Who let ironworkers define "banking crisis"?
Update: guess it doesn't matter

Sorry, boilermakers and sheetmetal workers. Either way, I don't see anyone arguing with them over the definition of "banking crisis". The best "conservative" argument so far has been "desperate Dems pull Katrina card".

This thing hasn't been on the teevee anywhere and I find that somewhat odd. It's pretty slick and doesn't look cheap. It seems that I'd be getting emails from SOMEBODY asking me to chip in and get this on the television, like, a month ago but, whatever. Maybe if the messaging campaigns were run by real Democrats instead of pollsters the midterm damage wouldn't be as bad as it is. As it stands, it's just a stroke of grassroots luck that ANYBODY is listening to labor right now. The video for the Transport Workers Union was just about as good and even though no one has seen it, these hands are strong, they are many, and they have been here before...

When I posted this here, it had 303 views on YouTube and a search for "which party was in power during every major banking crisis since 1900" returned nothing. I happened upon it on facebook from The Beer Party via Sheetmetal Workers' International Association After it found it's way to the DCCC's page views jumped to 35,000. Last night it picked up a little celebrity treatment from Roger Ebert at the Chicago Sun-Times: "You damn right I remember". That links to one of the several copies that have now been reposted on YouTube, this one with 15,000 views in a few hours. The original has over 120,000 so far. I don't expect that to multiply by 100 without a surprise Oprah broadcast but today isn't over, and Hooray, Beer for trying.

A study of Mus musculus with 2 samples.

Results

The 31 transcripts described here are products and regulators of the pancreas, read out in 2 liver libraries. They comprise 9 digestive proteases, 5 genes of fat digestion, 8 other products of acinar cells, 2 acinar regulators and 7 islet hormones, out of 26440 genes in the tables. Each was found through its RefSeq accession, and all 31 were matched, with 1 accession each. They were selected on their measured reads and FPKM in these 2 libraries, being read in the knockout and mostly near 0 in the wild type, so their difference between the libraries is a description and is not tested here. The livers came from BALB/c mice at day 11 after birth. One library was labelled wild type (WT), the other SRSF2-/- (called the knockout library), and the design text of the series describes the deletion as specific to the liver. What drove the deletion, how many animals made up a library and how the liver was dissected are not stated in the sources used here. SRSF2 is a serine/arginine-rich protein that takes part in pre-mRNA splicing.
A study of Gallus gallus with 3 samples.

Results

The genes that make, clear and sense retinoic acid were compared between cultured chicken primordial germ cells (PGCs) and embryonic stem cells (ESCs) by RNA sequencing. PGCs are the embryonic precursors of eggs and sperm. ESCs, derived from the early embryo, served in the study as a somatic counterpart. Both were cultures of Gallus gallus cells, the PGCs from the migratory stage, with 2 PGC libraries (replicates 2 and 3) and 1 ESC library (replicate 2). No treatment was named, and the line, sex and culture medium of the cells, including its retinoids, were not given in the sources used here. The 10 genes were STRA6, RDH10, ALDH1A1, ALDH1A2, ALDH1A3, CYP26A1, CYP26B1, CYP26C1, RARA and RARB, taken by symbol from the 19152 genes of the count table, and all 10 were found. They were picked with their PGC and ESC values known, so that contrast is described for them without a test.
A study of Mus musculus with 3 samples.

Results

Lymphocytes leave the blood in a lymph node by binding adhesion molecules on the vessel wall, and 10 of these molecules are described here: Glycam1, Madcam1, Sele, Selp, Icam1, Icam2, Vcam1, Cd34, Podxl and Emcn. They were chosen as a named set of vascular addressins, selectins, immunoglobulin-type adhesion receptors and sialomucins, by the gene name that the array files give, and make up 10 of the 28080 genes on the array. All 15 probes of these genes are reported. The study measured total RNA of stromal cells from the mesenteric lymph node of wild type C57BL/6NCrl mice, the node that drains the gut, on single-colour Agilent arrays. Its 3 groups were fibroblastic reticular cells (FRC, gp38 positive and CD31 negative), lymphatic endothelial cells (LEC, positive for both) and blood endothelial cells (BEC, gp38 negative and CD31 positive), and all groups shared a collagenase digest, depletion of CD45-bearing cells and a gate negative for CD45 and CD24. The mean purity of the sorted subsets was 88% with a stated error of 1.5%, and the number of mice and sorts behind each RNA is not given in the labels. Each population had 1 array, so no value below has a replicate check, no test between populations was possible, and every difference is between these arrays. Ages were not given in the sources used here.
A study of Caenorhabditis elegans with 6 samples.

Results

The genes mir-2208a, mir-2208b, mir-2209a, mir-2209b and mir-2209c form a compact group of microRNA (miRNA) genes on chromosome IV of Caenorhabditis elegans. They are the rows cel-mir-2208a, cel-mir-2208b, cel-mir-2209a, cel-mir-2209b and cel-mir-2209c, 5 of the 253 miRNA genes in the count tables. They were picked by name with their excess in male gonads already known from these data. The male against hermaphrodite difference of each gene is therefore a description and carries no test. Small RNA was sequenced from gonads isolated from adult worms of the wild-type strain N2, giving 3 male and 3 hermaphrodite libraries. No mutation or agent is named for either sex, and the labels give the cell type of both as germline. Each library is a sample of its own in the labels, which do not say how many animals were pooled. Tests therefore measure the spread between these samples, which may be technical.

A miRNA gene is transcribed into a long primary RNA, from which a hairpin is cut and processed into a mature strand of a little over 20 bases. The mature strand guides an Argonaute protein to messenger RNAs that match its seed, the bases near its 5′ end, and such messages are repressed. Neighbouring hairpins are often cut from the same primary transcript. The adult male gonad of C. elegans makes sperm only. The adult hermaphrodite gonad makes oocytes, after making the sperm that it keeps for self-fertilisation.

But those numbers aren't as important as the number of unemployed "special interests" in Tennessee and I hope the new legislators have a little more respect for the job than Campfield's attitude of "passing stuff and stopping stuff."

We lost 3 million jobs during the Bush Presidency and the Boliermakers would like to remind you that:

IT IS COMMON for the party in power to lose seats during midterm congressional elections. And the economic crisis has compounded the uneasiness many Americans feel. But giving control of Congress back to the party that led us into the economic collapse would be a disaster. The Republicans have suggested no new approaches. Instead, they are calling for a replay of the same policies that have failed American workers and failed our economic system. The initiatives Congress and the president have implemented over the last few years need time to take effect.

"This is America, and it was built by these":

WhitesCreek's picture

Thank You Sir! May I have another?



R. Neal's picture

There you have it.

There you have it.

bizgrrl's picture

Great video. I never forgot

Great video. I never forgot and that's why I don't vote Republican.